Ich liebe dich vs. Ich habe dich lieb

Are you confused between "ich liebe dich" and "ich habe dich lieb"? You aren't alone.

I just had a long conversation with my German husband about these expressions and I might still be a bit confused, so I'll do my best to put it into words.

Both expressions translate into into "I love you", but don't be fooled, it's not as simple as it looks. The difference between both expressions may be a bit complicated to explain.

Imagine you have a love scale for your significant other and another one for family and friends. Both of these expressions mean the top of the scale, but the audience and type of love for each is different.

We can say that "ich liebe dich" denotes a strong and more profound type of love. This is what you would say to your significant other and the list stops there. Some people would add parents/children to this list, but many others would not (my husband is one of them). When you tell a person "ich liebe dich", you are declaring your love to a person. Say this to your husband, wife, long term partner to let them know you aren't joking around, you mean business, you LOOOOOVE them! Good for you.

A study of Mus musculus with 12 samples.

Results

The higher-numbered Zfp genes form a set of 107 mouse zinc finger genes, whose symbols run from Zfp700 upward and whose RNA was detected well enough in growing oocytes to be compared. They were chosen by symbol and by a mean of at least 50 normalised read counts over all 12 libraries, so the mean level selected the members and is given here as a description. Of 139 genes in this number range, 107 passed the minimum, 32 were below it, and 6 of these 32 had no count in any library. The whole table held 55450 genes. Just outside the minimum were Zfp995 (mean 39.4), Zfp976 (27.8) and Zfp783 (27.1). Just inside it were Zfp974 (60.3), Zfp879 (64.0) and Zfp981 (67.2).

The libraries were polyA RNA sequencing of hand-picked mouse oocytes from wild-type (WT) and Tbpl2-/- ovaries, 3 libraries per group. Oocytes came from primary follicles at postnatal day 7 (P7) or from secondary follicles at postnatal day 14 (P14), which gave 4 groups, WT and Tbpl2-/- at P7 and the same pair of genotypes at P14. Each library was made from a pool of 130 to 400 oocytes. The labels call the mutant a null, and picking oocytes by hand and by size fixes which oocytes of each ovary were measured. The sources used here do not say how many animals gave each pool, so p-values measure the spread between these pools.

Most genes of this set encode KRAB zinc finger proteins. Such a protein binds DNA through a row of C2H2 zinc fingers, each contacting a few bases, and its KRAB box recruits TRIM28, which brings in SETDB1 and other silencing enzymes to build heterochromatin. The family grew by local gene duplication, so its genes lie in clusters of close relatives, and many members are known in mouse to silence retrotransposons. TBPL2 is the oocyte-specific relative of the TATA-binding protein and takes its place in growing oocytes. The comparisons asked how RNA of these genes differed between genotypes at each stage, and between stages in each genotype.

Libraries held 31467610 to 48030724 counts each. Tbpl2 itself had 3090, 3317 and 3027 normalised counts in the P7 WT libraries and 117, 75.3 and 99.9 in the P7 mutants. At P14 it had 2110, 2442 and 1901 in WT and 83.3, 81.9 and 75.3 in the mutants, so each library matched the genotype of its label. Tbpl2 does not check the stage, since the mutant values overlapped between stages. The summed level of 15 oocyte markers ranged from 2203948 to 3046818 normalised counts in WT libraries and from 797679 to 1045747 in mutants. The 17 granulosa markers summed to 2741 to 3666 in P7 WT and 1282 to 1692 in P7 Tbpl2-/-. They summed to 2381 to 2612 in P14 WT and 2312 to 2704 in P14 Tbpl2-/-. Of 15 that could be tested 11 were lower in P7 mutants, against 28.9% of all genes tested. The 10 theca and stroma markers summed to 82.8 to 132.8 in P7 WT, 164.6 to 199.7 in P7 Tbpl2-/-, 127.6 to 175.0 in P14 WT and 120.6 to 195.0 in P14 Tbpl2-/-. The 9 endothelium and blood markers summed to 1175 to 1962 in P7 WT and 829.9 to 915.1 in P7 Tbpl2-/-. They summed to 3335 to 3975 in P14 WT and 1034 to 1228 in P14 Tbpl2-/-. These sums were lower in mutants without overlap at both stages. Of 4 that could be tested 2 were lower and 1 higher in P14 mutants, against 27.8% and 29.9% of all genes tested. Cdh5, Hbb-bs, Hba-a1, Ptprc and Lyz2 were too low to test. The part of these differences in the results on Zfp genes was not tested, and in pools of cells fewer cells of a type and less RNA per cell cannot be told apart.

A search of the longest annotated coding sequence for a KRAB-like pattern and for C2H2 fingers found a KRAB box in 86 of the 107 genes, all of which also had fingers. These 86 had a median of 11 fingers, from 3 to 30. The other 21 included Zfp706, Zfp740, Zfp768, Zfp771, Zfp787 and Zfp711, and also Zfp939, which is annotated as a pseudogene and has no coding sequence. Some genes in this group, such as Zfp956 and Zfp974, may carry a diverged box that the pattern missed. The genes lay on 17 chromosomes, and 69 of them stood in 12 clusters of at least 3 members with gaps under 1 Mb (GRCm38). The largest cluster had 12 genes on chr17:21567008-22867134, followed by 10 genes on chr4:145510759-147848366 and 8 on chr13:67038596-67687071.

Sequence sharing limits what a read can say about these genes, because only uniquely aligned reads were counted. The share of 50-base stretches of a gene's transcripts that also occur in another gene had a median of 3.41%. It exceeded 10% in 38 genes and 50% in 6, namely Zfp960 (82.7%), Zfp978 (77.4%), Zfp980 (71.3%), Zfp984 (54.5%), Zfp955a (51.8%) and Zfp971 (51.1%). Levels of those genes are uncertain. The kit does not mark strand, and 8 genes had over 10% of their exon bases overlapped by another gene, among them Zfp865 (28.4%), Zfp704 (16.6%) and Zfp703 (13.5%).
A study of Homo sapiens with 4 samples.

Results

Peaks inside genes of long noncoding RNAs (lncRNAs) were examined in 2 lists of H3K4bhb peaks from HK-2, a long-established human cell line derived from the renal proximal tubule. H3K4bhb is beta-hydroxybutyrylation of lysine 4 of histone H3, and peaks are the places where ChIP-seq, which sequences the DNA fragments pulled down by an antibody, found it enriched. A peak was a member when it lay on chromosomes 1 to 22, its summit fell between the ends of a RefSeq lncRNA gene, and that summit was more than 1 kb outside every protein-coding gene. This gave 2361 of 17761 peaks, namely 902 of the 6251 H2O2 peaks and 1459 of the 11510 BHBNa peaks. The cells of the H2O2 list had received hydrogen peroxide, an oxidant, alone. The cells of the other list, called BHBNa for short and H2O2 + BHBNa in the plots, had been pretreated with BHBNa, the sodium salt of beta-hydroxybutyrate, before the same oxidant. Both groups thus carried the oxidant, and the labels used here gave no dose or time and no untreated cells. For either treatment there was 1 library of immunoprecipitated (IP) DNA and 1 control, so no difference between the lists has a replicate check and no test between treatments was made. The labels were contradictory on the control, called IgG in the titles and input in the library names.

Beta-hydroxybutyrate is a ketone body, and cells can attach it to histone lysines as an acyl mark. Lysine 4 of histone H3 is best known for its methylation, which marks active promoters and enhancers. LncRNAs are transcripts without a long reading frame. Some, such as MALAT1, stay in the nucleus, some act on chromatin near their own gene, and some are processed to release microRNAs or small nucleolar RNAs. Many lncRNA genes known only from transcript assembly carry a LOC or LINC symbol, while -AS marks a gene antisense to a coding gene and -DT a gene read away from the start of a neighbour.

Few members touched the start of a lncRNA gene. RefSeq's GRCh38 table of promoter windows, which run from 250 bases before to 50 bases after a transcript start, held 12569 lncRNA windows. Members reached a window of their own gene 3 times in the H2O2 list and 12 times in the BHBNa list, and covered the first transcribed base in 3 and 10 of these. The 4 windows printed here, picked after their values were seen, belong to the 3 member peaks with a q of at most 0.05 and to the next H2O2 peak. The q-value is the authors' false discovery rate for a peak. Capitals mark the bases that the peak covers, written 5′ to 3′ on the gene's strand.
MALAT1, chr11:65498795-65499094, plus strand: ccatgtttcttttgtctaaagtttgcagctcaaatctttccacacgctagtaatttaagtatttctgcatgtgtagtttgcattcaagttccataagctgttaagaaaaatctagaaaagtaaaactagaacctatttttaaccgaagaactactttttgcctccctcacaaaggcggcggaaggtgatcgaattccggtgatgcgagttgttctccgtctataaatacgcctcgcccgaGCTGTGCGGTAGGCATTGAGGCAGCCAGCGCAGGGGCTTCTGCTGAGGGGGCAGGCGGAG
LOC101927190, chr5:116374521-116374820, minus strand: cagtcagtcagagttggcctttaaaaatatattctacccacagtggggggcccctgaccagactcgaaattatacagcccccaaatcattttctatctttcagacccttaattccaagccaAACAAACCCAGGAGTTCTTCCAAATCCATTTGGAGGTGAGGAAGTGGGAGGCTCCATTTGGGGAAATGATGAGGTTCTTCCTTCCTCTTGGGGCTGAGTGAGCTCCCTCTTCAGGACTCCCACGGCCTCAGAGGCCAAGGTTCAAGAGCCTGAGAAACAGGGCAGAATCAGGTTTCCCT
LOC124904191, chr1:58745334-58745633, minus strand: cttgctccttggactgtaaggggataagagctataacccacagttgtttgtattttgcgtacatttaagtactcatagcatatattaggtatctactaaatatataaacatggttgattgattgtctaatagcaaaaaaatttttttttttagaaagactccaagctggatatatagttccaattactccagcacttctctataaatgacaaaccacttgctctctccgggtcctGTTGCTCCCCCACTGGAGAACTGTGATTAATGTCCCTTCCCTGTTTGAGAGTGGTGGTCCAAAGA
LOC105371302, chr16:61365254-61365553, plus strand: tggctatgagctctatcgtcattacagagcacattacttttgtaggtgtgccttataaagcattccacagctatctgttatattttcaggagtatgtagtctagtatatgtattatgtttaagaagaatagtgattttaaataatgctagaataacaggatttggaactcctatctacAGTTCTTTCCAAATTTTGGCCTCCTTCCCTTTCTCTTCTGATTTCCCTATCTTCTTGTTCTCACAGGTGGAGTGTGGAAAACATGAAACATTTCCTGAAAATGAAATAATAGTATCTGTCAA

"Ich habe dich lieb" is what you would say to your friends, relatives, close family members or to the person you are dating. This expression won't put you in the true-love-together-forever-and-ever,-till-death-do-us-part category.


I know. So what does one say when you are dating but not in the I-Love-You phase? You can tell them "Ich mag dich" or "Ich habe dich gern". These expressions mean you like this person and have some kind of affection for them but not the I'll-love-you-forever kind.

Have you heard of any other uses or rules for these expressions? Let us know!